My Response to "Think Younger" and the Church of God General Assembly

With our Independence Day celebration out of the way, it’s time for those of us in the Church of God to head to Nashville (if not physically, virtually) for the Church of God General Assembly.  It should be an interesting one; three of the five members of the executive committee will be going off of that august body; the elections are always the highlight for many.

But there are some interesting things on the agenda too.  Without going into a great deal of detail, what’s on the table is to a) allow ordained ministers to join the ordained bishops in the General Council (which would give some of our women ministers a vote for the first time) and lower the minimum age of those in the General Council and running for office.  It’s the latter that I want to concentrate on.

That’s made simple by the fact that one Dr. Marty Baker has put together a site called Think Younger.  His idea is not only to promote the idea of lowering the voting age, but also to promote those ministers who in his opinion “think younger.”  Because of the way American Christianity is bleeding believers (especially among the Millenials) there’s an idea out there that, unless we turn the church over to our younger ministers, we’ll be left in the “ash heap of history,” to use Leon Trotsky’s term.  This goes with the idea of “engaging our culture.”  This has created a great deal of consternation among our older (and in many cases successful) ministers who are seeing the same possibilities of defection from the faith that we’ve seen in the Main Line churches.  (And my Anglican readers know all too well what that means.)

As someone who just completed a PhD in a program with people half my age, this is yet another surreal situation.  Coming off of those experiences, my mind goes back to my years at the International Offices, because for all the bravado these people exude, they’re still not addressing what I think is the core issue in the dynamic of the Church of God: the issue of race.

Last year I wrote a piece entitled What Working for the Church of God Taught Me About Race. After a long survey of the history of that subject in the church, I made the following observation:

A large reason Pentecostal churches grow and others don’t is because Pentecostal churches expand among non-white groups in a way that others don’t.  Many want to turn this in to another “moral crusade” but the simple truth is that hindering multi-cultural growth is just plain stupid if we’re serious about expanding our church and fulfilling our mission.

Evidently our brethren at the Assemblies of God have figured this out:

Much of the numerical growth in the Assemblies of God in recent decades has been among ethnic minorities. From 2001 to 2015, the number of AG adherents increased by 21.5%. During this period, the number of white adherents decreased by 1.6% and the number of non-white adherents increased by 76.8%. From 2014 to 2015, the percentage of white adherents dropped from 57.6% to 57.2%. It should be noted that the number of white adherents in the U.S. includes quickly-growing constituencies of immigrants from places such as the former Soviet Union and Romania. Without these new white immigrants, the white constituency in the Assemblies of God would be falling even more quickly.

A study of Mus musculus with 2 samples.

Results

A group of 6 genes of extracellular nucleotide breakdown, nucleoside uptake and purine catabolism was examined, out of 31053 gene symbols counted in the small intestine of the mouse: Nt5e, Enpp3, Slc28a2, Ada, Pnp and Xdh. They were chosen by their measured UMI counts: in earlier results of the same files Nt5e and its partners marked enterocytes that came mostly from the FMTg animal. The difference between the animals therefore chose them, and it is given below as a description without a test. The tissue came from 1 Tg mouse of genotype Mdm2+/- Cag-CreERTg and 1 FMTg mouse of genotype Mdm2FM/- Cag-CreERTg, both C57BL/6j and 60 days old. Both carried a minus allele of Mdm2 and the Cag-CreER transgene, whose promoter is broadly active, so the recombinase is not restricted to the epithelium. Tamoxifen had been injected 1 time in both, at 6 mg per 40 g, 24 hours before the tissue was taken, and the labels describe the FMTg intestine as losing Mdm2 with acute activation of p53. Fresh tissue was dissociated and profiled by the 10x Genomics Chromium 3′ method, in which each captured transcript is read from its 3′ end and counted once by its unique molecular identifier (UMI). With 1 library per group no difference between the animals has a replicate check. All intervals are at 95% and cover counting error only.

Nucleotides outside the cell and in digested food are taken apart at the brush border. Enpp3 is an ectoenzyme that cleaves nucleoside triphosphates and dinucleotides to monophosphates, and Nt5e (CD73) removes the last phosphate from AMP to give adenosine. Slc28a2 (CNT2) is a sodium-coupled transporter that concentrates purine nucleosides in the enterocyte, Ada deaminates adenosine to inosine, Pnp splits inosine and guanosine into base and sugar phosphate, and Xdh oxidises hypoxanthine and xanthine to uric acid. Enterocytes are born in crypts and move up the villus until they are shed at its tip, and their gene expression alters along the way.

If you look at the worthies endorsed on Think Younger, most are white.  If, for example, we want our Executive Committee to reflect our ethnic composition, we would elect two (2) non-white people to the open positions, assuming the other two men with time remaining went back on.  I don’t think that Dr. Baker and his allies are ready to do that, based on the make-up of his preferred candidates.  (Four out of thirteen are non-white; with three positions up and the other two going back on the Committee, nine should be.)

And I’ll throw out another idea: I think our older ministers would be more receptive to this idea.  That’s because our non-white churches tend to be more traditional in belief and worship than our larger white churches.  (In many cases they’re more urban too, which is an interesting juxtaposition.) It would also put the cause of our women ministers further down the road because the core of the opposition to women ministers in the Church of God has come from our Scots-Irish ministers, who are well represented in Dr. Baker’s preferred list.

It should be an interesting show from the “cheap seats,” where not only are the exhorters and ordained ministers excluded from the proceedings of the Council, but the laity too.  That was certainly the case in 2008 during the “Missional Revolt,” when our younger ministers showed that they didn’t need to change the voting age to change the church.

In the meanwhile, I’ll continue to go to the denomination’s mother church, which is in many transitions these days.  One of those is that we now have an Hispanic Pastor (which is a shock to many.)  Next Sunday our state Administrative Bishop will visit us to begin the process of bringing in a new Pastor.  If the Hispanic Pastor really succeeds, we’ll be in a different state with a different overseer.

And that, people, would be a jolt to young and old alike.

2 Replies to “My Response to "Think Younger" and the Church of God General Assembly”

  1. Thanks for the mention of http://www.thinkyounger.org. I appreciate your words and will mull over them. I am in the process of adding non-white ministers, so stay tuned. I am in the older generation and I want to see the ministry move forward after I am gone. For that to happen, we must include younger ministers in the conversation. We must #ThinkYounger.